Ireland or Eire in Irish, is an island in the North Atlantic, and is the thirds largest island in Europe. It is separated from Great Britain by the North Channel, the Irish Sea and St George’s Channel.
I had been hearing about the beauty of Emerald Isle for a quite few years. Every time there was a documentary on TV about the island, we had discussed the plans to travel there. It took me some time to finally organize the trip to the island, but the waiting really paid off. I am talking about the experience, the sights and the food. Ireland should be marked as a must-see destination for every traveler.
We arrived in Ireland few days after the heavy storms. There were still many broken trees on the ground, the soil was still wet, and the air was fresh and moist. The island is quite famous for winds and rains, but we were lucky to have more sunny days than rain.
We decided not to stay in Dublin and chose instead to explore the coast. We rented a car, and starting with Wicklow, we drove by the coast through the South of Ireland, to Limerick and back to the capital for a final night. What I mean here by South of Ireland is the area below the Limerick- Dublin highway. It is not an official term, so do not quote me on that.
The car was small and not the fastest, but it was exactly what one needed for a road trip in the country roads. It gave me time to enjoy the density and the greenness of the forests as Ireland is truly a green island. I was mesmerized by the roads covered by the crowns of the trees and kept stopping to look at the structures created by the nature. There were moments when I felt like I had never seen some much trees in my life.
Ireland is beautiful, in simple words. I had had seen many pictures or programs on TV showing parts of the island, but none could simply convey the real wonder of these places. One must experience the strongest winds almost taking off your balance and watch seals swimming below the bridge at Mizen Head, the farthest south-east point of Ireland.
Then one has to get soaked wet, walking around in Dingle, while visiting eclectic places where one can order an Irish beer or whiskey and buy a poison for rats the same time. Places like Foxy John’s with the old exterior, are still popular with the natives. They are quieter then some other pubs in town, but to the outsiders they give a glimpse into the past, when public houses mixed beer in the evening and retail sales during the day. If one wants to feel like a local, in the evenings, one can sit in one of the local bars, drinking beer and listen to a performance of a local musician.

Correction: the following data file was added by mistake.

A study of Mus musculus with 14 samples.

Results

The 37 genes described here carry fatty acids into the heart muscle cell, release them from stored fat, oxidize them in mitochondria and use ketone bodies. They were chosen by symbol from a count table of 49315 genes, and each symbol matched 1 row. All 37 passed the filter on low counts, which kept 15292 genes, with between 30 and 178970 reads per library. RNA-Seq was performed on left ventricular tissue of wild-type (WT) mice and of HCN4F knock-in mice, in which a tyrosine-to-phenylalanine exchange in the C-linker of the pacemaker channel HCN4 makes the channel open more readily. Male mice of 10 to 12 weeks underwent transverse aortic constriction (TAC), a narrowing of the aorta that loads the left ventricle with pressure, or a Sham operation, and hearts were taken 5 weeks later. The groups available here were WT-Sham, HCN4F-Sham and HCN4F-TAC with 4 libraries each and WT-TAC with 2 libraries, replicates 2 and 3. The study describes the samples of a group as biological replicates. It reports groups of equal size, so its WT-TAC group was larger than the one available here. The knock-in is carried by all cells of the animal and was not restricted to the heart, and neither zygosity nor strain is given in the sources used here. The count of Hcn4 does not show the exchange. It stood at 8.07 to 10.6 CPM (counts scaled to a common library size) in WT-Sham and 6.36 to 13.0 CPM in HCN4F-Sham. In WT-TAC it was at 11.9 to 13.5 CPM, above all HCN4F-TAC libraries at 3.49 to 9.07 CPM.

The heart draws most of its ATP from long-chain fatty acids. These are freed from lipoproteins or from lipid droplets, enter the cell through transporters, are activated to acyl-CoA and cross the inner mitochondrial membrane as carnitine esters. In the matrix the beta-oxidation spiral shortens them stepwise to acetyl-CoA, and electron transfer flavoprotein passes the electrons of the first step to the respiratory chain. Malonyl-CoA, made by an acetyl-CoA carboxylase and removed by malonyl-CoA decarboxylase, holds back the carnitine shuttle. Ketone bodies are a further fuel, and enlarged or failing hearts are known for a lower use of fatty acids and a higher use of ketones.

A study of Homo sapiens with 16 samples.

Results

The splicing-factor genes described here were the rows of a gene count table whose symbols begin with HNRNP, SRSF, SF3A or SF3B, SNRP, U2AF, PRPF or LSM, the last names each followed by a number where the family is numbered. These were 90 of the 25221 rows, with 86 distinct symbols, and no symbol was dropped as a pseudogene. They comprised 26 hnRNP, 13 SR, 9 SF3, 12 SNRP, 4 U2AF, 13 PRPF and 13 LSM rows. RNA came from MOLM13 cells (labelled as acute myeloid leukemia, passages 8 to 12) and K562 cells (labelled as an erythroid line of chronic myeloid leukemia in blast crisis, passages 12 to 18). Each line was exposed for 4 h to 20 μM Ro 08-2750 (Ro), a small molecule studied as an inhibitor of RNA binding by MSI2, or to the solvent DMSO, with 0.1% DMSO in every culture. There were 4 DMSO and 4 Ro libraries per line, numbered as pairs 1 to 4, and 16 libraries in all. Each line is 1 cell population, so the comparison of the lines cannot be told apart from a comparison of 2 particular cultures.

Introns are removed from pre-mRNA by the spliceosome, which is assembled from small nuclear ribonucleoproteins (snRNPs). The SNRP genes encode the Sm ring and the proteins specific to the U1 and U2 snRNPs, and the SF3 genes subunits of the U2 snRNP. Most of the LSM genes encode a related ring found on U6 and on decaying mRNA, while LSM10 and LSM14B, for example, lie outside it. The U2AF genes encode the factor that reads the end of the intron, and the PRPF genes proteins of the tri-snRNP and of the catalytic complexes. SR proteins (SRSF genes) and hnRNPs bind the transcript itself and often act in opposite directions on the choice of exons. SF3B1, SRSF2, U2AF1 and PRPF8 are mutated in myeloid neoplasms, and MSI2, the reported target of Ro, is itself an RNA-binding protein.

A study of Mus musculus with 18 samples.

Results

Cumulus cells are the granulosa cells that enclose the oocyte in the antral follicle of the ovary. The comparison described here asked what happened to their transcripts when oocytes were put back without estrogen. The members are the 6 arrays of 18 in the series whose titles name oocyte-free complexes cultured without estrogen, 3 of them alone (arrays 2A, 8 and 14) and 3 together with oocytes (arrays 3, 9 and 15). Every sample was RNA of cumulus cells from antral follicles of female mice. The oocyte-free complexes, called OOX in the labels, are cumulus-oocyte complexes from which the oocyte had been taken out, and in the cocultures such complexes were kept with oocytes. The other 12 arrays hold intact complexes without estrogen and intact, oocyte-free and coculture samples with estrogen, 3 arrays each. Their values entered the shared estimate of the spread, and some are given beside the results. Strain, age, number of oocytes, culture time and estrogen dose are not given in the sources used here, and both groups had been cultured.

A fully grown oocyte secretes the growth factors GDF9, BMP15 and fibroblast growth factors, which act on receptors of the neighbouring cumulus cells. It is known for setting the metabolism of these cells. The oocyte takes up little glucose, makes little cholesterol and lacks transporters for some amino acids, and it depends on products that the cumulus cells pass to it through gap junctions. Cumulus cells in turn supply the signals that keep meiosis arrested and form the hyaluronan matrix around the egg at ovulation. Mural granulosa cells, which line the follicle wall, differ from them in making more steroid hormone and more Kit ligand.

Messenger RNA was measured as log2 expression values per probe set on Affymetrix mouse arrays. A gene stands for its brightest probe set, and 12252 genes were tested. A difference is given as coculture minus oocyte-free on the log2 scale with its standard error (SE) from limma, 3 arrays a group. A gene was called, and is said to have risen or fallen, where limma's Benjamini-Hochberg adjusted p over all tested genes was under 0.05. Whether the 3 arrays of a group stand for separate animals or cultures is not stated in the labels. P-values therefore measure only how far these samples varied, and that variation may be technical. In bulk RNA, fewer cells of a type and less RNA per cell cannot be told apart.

Farther north, there is a Muckross House and Gardens inside the first National Park in Ireland. Plan your visit wisely, because there are many places to visit there. Muckross House is a Tudors-style house rich in artwork, and still holding a well-preserved room where Queen Victoria stayed during her visit there in 1861. The house is located by the lake where one can enjoy a short boat ride
Driving north from the Ring of Kerry, we stopped at the most famous location in Ireland, Aillte an Mhothair or also known as Cliffs of Moher. They are located by the Burren region and run for approximately 14km. At their southern end, they rise to up to 120m above the sea level, increasing to up to 214m at their highest by the O’Brien’s Tower.
As proper travelers and foodies, we had to eat, and Ireland is one of the places where one can indulge in fish. It is not any fish, but nice and fatty Atlantic fish! On the second evening, we discovered something extraordinary; the Irish seafood chowder. It is usually served with local bread and butter.
As a woman I am always trying to convince myself to stay away from the simple carbs, but it is impossible to refuse a wonderful sea food chowder served with a freshly baked bread and a proper Irish butter. Well, also a Pole, I was raised on bread and butter, and the temptation always won. The proper thing to do is to add a thick layer of butter on top of the piece of bread, or anywhere around it.
During 6 days in Ireland we had several types of Seafood Chowder. It was served as a thin chowder and as a hearty thick chowder that to navigate with a spoon on the plate was quite a challenge. The consistency of the soup changed with the location. The thickest and most memorable dishes we had during our trip was in Dingle, in a restaurant called Harrington’s and in Dublin, in O’Neils Bar and Restaurant.
The chowder is not the most complicate soup to prepare. You have to make sure there are potatoes, milk, cream, spices, shrimps or clams or any type of seafood with the most delicious Atlantic fish; including mix of salmon, haddock and white fish. Milk and cream act as thickeners for the soup. To complement it, you should bake a bread and take out Irish butter and beer from the fridge. Once the soup, bread, butter and beer are on the table, you will have a taste of Ireland in your own home.